HOOPER, Weber County — John C. Fremont and Christopher “Kit” Carson left what is now known today as Fremont Island rather disappointed in 1843, but the ghost of Carson might not be disappointed to find that what he left behind is now an American treasure.

A cross that Carson etched in stone during a tour of the island nearly 181 years ago is now one of the newest additions to the National Register of Historic Places. It joins just the Fielding Garr Ranch on Antelope Island, Black Rock in Tooele County and the Ogden-Lucin cutoff trestle as the only sites within the Great Salt Lake to have ended up on the register.

“It’s exciting,” said Marisa Weinberg, Great Salt Lake coordinator for the Utah Division of Forestry, Fire and State Lands. “The cross is something that everyone asks about on the island. It’s probably the most sought-after site to visit despite how difficult it is to access.”

Carson's cross

The story of Carson's cross dates back to the expeditions that Fremont and Carson led in modern-era Utah back in 1843 and 1844, beginning four years before Mormon pioneers settled in the Salt Lake Valley. They were the first explorers of European descent to reach and map many parts of the state, including what eventually became Fremont Island.

But it's fair to say Fremont and his colleagues weren't big fans of the island back in the day.

On Sept. 9, 1843, months into the expedition, Fremont, Carson and a few others boarded an 18-foot inflatable rubber boat and departed the shores of the Great Salt Lake for an island that had captured their attention, according to Alex Baugh, a professor of church history at BYU, who wrote a piece on the expedition's history.

The group had high expectations about the trip, believing the island could be "an exotic paradise," University of Utah historians noted in "Saline Stories: An Oral and Visual History of the Great Salt Lake." Baugh wrote that the team spent "the better part of two days" exploring the island and making scientific measurements.

Touring the island dashed any hopes the group had. Fremont famously dubbed it "Disappointment Island" after the group encountered no wildlife, vegetation or signs of life on the desolate island. By all accounts, Carson etched the cross on a rock just to pass the time before the group eventually left.

"We ascended the highest mountain under (a) shelving rock (and) cut a large cross which is there to this day," Carson later recalled.

A portrait of Chris "Kit" Carson likely taken between 1860 and 1868. | U.S. Library of Congress

He explored all over the West before he died in 1868. He’s the namesake of Carson City, Nevada, and Kit Carson County, Colorado, among other legacies. His home in Taos, New Mexico, was named a National Historic Landmark in 1963 and added to the historic register in 1966, the same year the program was created.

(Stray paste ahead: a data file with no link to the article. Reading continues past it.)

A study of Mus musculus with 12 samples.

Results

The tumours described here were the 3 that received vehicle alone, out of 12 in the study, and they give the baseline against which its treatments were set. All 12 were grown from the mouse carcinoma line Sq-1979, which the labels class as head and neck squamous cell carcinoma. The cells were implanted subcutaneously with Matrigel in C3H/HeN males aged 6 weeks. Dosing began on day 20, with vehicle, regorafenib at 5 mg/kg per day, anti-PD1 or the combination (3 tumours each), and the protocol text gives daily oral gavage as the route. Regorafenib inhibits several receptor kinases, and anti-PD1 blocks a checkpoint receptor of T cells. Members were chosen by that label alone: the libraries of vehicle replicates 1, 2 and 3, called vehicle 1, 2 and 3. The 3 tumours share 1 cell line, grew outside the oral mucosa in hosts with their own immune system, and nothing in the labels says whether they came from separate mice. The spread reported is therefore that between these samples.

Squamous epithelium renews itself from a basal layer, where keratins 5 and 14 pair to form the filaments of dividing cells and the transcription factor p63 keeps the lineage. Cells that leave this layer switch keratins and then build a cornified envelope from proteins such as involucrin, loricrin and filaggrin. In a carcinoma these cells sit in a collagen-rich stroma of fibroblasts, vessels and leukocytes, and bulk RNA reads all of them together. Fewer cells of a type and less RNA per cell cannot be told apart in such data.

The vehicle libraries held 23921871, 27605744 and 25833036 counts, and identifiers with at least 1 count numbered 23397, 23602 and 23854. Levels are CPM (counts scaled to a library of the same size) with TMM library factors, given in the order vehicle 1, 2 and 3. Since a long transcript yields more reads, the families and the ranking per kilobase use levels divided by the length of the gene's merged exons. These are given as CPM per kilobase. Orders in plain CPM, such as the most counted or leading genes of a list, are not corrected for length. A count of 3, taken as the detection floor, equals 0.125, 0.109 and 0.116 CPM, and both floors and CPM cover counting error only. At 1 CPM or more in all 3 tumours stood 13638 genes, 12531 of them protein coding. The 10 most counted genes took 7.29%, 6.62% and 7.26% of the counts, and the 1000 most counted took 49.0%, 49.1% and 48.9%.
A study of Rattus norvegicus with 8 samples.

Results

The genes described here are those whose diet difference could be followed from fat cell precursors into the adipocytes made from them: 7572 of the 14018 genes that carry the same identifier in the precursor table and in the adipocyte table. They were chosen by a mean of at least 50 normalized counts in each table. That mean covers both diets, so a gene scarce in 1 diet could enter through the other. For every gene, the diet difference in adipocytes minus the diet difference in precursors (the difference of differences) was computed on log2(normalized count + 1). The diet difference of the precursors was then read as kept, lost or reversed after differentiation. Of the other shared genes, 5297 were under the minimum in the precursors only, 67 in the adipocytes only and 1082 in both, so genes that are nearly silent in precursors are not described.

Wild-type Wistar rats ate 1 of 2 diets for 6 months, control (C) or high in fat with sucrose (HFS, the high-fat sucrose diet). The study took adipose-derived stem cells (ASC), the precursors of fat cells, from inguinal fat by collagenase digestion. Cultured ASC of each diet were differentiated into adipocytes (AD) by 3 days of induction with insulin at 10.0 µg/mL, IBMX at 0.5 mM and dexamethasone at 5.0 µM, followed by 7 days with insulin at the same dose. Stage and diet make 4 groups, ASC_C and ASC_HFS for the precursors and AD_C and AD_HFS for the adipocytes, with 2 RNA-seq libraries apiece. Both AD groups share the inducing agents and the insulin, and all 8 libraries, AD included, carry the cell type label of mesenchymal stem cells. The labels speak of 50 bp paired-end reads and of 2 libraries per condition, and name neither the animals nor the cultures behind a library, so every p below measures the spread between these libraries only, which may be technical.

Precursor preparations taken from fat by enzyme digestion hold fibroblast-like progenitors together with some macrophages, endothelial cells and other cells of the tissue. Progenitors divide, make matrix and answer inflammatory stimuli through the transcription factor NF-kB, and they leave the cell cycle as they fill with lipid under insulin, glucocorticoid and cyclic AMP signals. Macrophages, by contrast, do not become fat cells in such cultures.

Preserving Carson’s cross

While Fremont, Carson and others found their stay on the island disappointing, their venture proved to be significant in history. Their findings helped map the Great Salt Lake shoreline and Utah, which were vital tools used by pioneers in settling the state.

This significance in state history sparked the efforts to include the cross — a reminder of their short island trip — in the National Register of Historic Places.

The Kit Carson Cross pictured on May 26, 1962. | Utah State Historical Society

"Although it's a tiny etching in a rock (and) seems insignificant, it tells a story of the early explorer parties that came to Utah when it was just completely barren and open land," Weinberg said. "They paved the way for other settlers, such as the Mormon settlers to come out here and make this place their home."

The effort to add the cross to the registry only started a few years ago because the island had been privately owned for more than a century up until November 2020. That's when a private philanthropist with the Palladium Foundation purchased the island and donated it to the Nature Conservancy, which transferred it over to the Utah Division of Forestry, Fire and State Lands to manage under a conservation easement.


The group determined that getting it listed on the register was a good first step toward long-term plans to preserve the site. She adds that she views the listing as opening the door "for us to better protect it." The division is weighing different possibilities like new fencing or signage that could be added in the area.

While Fremont Island is difficult to access, the goal is to preserve the site so people who do reach it in the future can view one of the earliest pieces in modern Utah history.

“It is important for people to understand that the history here is rich and there’s a lot of people who passed through here before we were able to live here today,” Weinberg said. “I think it’s vastly important to understand that history to help (us) appreciate what we have a little bit more.”